Fianna Fáil Spokesperson on Justice, Equality and Defence Dara Calleary TD has criticised Minister for Justice Alan Shatter’s inability to confirm the running costs of the garda stations he is planning to shut down.
In reply to Parliamentary Questions from Fianna Fáil Justice Spokesperson Dara Calleary, Minister Shatter said the costs are maintained at a district level, so he does not know how much it costs the State to run each individual station.
In the last budget it was announced that four Mayo garda stations in Mulranny, Tourmakeady, Glenisland, Bellacorick were to close in 2012 as part of cutbacks, and there was much surprise in particular in relation to Mulranny with thousands of additional tourists now visiting the area as a result of the Greenway.
Deputy Calleary continued, “Minister Shatter has attempted to justify his plans to shut down a number of garda stations across the country? How did Minister Shatter decide which garda stations to shut down as part of his ‘cost savings’ exercise, if he doesn’t know how much each station costs to run?”
The Ballina native continued, “While I appreciate the need to bring costs under control, Fianna Fáil has said all along that the savings from shutting down rural garda stations are minimal. Minister Shatter has now admitted that he is unable to contradict me on this. How can he justify closing a particular garda station if he cannot explain the simple maths involved?
Deputy Calleary said that he believed removing a local garda station from a community will have significant long-term social and economic consequences, and rural communities will be more isolated and more vulnerable without a station nearby.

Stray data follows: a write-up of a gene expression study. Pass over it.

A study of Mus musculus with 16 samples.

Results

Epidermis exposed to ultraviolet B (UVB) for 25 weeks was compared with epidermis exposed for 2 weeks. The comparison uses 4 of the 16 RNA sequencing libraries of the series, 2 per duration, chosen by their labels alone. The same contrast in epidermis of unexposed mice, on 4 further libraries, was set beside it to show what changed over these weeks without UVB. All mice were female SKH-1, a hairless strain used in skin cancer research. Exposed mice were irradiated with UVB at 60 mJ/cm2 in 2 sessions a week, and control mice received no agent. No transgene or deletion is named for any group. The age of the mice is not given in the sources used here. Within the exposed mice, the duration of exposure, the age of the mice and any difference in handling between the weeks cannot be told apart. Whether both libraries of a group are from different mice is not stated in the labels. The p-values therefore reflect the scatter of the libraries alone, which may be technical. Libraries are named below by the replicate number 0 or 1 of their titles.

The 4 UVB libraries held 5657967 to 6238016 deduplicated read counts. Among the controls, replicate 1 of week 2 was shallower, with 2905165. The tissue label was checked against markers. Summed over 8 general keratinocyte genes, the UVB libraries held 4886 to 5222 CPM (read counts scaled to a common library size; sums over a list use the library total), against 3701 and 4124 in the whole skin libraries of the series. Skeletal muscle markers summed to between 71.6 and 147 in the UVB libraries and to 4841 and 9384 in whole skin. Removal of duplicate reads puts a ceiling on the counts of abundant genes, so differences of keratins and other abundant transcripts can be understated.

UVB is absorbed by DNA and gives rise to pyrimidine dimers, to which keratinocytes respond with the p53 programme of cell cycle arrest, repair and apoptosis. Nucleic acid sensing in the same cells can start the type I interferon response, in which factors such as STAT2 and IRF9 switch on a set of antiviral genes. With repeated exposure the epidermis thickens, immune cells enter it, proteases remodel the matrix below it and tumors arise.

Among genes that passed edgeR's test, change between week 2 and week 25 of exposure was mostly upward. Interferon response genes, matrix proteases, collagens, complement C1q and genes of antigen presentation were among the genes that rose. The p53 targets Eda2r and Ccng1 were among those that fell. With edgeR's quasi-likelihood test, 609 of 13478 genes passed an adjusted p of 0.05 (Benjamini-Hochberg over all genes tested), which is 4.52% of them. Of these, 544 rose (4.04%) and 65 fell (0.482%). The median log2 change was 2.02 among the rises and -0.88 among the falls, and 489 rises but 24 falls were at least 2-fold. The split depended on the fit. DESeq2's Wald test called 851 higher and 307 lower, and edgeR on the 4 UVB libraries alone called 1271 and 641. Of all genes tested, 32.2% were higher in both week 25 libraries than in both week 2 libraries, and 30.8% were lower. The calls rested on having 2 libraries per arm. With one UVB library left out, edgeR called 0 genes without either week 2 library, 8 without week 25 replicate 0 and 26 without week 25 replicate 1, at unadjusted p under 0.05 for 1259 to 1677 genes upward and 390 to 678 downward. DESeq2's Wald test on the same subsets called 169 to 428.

Independent Mulranny based Cllr Michael Holmes agreed that it was somewhat surprising that Minister Shatter was not able to relay the relevant figures and stated, “The fact that he wasn’t able to give a breakdown of these figures show that this plan wasn’t well thought out. You would have thought that those figures would be ready to roll off his tongue.
Cllr Holmes added, The fact that he wasn’t able to name the figures shows that there really isn’t any savings to be made and it adds to the argument that the closures of these garda stations are not justified.”
On January 12 last a second public meeting about the proposed closure of Mulranny Garda station and it was attended by a large crowd of local people and representatives Deputy Dara Calleary, and local Count Councillors Rose Conway Walsh, Michael Holmes, Michael McNamara and Gerry Coyle.
The meeting was organised by Mulranny Community Futures and chaired by Michael Hughes, who outlined the progress to date and the responses received from the various representations made.